Russian oligarchs with ties to President Vladimir Putin, who have British investments, will be hit by harsh new sanctions if Moscow invades Ukraine, British Foreign Secretary Liz Truss told the House of Commons on Monday.
Truss said Sunday she would draft legislation that would alert Moscow to a “serious economic cost” to any intrusion into Ukraine by strengthening Britain’s ability to target Russian assets in Britain.
It comes as British Prime Minister Boris Johnson has responded to the Ukraine crisis by offering NATO an additional 900 troops for deployment in Estonia, which would double the size of the British force in the Baltic state bordering Russia.
Johnson, who is due to hold talks with the Russian president and visit Eastern Europe this week, has also offered to send fighter jets to Romania and Bulgaria and warships to the Black Sea.
Under existing UK rules, which reflect EU schemes when Moscow annexed Crimea in 2014, Britain is only capable of imposing sanctions on the Russians associated with the destabilization of Ukraine.
Under Truss’s new legislation, the government would be able to sanction “any individual and company of economic or strategic importance to the Kremlin”, according to British officials.
“At the moment, the economic sanctions are quite narrowly drawn, so we could only target companies with a direct involvement in destabilizing Ukraine,” Truss told Sky News.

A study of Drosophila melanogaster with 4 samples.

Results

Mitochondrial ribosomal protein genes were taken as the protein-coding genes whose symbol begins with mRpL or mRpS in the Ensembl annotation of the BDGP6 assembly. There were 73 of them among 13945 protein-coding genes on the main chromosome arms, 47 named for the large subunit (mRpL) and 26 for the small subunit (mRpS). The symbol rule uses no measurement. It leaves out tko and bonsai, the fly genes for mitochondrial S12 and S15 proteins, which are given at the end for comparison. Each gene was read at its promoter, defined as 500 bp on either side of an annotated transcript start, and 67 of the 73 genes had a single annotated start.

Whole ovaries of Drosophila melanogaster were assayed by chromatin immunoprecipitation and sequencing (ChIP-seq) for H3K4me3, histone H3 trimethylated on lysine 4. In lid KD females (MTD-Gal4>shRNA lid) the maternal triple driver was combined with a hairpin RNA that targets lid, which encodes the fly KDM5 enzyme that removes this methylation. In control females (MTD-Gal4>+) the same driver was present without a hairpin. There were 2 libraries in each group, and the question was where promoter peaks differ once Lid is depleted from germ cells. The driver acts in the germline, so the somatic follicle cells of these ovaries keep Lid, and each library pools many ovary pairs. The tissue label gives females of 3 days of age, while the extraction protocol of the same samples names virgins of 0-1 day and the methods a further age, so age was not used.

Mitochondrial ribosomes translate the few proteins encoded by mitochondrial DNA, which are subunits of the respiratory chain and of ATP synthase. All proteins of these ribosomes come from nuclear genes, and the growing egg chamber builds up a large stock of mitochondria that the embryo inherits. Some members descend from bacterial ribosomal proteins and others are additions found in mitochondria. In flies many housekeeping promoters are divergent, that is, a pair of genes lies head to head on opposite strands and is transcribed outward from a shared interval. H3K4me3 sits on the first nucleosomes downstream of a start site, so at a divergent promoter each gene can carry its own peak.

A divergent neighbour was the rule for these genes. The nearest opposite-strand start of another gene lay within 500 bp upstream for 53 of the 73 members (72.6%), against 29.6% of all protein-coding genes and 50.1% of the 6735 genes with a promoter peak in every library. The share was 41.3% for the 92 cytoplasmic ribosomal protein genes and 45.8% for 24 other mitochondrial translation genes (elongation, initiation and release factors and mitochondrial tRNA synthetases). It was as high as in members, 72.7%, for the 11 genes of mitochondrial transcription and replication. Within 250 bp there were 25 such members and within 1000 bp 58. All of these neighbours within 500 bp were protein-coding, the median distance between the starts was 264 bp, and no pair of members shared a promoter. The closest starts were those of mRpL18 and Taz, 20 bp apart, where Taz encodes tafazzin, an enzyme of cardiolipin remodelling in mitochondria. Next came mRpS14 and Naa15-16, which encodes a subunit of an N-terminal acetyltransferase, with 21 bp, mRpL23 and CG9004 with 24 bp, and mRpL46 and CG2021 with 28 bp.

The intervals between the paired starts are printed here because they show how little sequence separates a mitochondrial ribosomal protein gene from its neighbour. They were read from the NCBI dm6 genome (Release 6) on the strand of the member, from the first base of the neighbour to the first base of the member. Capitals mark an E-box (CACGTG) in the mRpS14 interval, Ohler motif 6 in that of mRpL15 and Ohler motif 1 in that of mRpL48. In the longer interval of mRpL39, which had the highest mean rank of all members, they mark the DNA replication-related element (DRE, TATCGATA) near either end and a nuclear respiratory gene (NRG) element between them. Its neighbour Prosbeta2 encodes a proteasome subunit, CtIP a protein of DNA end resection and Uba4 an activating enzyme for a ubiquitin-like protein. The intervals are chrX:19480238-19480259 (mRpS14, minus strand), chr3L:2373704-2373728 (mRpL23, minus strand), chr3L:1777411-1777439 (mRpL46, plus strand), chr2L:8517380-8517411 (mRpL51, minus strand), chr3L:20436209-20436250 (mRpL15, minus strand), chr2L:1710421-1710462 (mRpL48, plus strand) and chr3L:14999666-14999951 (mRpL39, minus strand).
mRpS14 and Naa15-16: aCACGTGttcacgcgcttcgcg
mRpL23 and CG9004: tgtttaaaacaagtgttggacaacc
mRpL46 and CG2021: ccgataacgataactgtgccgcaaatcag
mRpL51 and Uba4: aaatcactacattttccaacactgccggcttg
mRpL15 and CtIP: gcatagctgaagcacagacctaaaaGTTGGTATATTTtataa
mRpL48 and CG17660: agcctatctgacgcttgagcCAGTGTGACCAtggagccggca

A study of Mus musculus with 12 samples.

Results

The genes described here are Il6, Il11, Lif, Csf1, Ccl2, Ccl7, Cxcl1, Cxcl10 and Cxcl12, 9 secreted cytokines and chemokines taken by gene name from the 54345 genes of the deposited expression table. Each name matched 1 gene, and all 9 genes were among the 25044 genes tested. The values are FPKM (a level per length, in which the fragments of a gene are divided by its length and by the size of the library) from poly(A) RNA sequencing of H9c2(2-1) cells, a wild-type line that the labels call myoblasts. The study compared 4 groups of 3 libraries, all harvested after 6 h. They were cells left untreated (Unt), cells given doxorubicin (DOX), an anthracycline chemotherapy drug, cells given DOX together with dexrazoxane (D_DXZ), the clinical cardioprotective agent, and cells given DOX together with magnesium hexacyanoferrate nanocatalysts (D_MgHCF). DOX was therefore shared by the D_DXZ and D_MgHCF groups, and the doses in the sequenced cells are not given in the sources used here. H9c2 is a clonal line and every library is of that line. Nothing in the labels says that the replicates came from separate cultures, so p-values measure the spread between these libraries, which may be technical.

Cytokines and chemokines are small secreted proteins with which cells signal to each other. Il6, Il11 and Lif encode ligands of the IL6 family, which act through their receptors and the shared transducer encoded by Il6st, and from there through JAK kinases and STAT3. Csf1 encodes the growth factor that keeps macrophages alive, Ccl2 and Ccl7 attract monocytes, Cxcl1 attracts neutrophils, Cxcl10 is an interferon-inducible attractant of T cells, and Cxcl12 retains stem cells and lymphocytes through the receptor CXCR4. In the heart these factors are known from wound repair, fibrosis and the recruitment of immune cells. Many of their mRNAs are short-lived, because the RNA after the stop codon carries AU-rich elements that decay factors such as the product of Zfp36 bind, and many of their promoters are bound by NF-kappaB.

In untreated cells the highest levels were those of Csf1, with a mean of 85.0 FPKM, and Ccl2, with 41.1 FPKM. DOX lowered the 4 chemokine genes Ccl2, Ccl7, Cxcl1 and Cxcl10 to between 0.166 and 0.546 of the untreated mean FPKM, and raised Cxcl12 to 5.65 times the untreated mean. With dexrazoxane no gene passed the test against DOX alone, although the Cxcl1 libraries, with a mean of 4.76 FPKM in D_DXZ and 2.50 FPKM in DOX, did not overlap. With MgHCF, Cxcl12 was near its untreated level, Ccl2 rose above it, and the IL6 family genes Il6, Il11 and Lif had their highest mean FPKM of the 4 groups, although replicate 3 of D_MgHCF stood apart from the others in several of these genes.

“What we are looking to do is expand it so that any company of interest to the Kremlin and the regime in Russia will be able to be targeted, so there will be nowhere to hide from Putin’s oligarchs, from Russian companies involved. in supporting the Russian state. “
Asked if the new law would allow the seizure of British property owned by Russian oligarchs, Truss replied: “Nothing is off the table… What the legislation enables us to do is to hit a much wider range of targets.”
Pressured on whether the proposed new sanctions would entail economic costs for Britain, Truss said “defending freedom and democracy” was more important than “short-term economic interests”.
Parliament’s Intelligence and Security Committee said in 2020 that the City of London provided “ideal mechanisms” for reusing illegal funding, adding that it had become a “laundry” for offshore wealth.
A 2018 report from the House of Commons Foreign Affairs Committee entitled Moscow’s Gold concluded: “The use of London as a base for the corrupt assets of Kremlin-affiliated people is now clearly linked to a broader Russian strategy and has implications for our national security.”
The National Crime Agency has estimated that money laundering costs Britain more than £ 100 billion every year.
But last week, it emerged that the government had postponed the submission of a bill on economic crime that would stop the abuse of shell companies and expose the owners of offshore companies that own property in the UK.
Layla Moran, the Liberal Democrat spokeswoman for foreign affairs, said Truss needed to go further and target hidden Russian-owned British real estate assets.
“It is almost six years since the British government first supported the idea of a register revealing foreign property owners, which would help put an end to Kremlin-affiliated oligarchs laundering their dirty money in our country,” he said. she added. “Over 2,000 days later, the Conservative government has failed to establish a register.”
Lord Francis Dannatt, the former chief of staff, told Times Radio that Johnson’s domestic crisis over government parties held in lockdown had weakened his ability to deal with the Ukraine issue.
“He will travel wherever he goes in Eastern Europe this week, but everyone will know he is a man with a time bomb under him,” he said.